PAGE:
We didn’t plant a blueberry bush.
We already had a blackberry bush, which we revived from last summer. Its leaves filled in very lush, and only last month we picked a spot in a gated edibles garden to plant it into the soil. This is after indoor pink light (therapies) brought a few samples to fruition. These first were extremely sour but some ripening longer in the sun took on a sweeter taste. Weeks later, the sun began drying the leaves. We realized it needed more of a plan.
We’d gated an area for edibles because there is often an abundance of deer here, and it might take only a visit or two to set back a full season of developments. That’s a whole other summer. Notably, our gardening is nothing remotely near homesteading. Edibles are not a major aspect of it.
So our fenced area especially designates that plantings are not meant to entice deer or rabbits. Who knew? Meanwhile, strawberries were typically a deal across grocers this summer, despite some of the worst inflation otherwise, so we ate them constantly this summer start to finish. The most ultimate summer realization: how happy we are with frozen blueberries. To get flavorful selections readily from our home freezer, avoiding battles with the birds, squirrels and whichever ratty netting contraptions, surfaced an unrequitable affinity for several of the frozen food sections we frequent.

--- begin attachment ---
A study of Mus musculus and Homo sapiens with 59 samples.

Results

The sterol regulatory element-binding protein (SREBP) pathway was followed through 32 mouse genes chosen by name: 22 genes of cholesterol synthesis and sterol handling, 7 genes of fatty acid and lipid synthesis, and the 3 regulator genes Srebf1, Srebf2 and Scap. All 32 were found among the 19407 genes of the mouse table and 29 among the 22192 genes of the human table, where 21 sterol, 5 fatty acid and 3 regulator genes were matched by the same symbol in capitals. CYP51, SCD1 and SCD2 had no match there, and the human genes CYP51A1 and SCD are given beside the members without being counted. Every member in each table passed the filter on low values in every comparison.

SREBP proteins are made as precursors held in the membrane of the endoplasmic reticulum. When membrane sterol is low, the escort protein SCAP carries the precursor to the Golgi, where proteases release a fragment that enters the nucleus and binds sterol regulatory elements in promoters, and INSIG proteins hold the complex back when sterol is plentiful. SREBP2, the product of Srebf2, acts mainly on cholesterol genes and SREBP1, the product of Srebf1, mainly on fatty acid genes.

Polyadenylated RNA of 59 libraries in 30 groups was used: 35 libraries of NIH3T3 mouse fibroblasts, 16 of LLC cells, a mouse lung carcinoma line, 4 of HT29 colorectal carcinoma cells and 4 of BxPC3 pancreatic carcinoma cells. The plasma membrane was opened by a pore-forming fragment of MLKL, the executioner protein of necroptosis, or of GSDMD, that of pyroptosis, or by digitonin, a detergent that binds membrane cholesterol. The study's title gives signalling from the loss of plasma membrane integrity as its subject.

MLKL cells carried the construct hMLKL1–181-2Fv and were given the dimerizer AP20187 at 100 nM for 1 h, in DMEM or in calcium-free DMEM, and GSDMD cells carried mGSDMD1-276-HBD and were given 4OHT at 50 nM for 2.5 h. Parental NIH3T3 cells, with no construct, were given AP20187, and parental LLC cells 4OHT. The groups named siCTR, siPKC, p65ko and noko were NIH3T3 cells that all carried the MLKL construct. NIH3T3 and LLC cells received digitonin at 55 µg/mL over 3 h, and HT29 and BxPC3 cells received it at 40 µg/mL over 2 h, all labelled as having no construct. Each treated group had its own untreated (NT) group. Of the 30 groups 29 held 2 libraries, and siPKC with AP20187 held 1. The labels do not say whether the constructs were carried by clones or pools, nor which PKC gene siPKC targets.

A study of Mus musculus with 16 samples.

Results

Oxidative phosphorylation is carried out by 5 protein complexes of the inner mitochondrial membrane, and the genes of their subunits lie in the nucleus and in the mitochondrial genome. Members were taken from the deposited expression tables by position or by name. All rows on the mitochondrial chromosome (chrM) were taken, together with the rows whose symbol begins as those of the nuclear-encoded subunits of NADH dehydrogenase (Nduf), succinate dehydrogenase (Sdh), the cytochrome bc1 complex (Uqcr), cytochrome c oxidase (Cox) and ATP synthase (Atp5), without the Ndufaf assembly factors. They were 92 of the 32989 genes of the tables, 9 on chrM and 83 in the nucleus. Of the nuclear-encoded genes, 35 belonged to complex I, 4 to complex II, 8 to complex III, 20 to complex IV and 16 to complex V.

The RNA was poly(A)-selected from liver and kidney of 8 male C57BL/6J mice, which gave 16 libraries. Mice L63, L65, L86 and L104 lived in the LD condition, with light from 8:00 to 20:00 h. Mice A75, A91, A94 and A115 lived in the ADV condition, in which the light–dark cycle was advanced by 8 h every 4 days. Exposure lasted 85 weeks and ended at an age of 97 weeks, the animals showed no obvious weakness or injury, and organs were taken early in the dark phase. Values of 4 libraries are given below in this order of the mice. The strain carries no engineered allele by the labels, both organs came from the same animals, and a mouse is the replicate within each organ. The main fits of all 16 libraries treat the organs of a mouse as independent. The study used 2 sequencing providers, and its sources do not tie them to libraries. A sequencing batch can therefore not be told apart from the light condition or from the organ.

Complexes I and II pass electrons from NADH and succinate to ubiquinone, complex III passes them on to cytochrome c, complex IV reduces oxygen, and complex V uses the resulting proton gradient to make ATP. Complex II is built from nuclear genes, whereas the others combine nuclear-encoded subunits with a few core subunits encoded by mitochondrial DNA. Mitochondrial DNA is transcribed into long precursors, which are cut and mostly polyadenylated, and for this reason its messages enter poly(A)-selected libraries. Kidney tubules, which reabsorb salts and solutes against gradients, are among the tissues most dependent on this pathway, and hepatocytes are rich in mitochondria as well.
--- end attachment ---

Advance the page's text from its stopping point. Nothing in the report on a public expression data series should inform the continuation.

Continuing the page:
The frozen blueberries are only recently topped by frozen cherries, which our youngest likes most of all. This does not change the intrigue of blueberry harvesting, especially as highlighted here by Food Insider, visiting an Organic Blueberry Farm in Maine. It all oddly reminds me to find out more about wrapping fig trees to overwinter in our zone 7a…
Broadleaf sage (salvia officinalis) was a surprising solution to several garden bed issues this year. The solution actually seeded last year, when it first thrived among several herbs sown in a 3 part container, with multiple sage flourishes outlasting our zone 7A winter and ready to transplant across garden beds.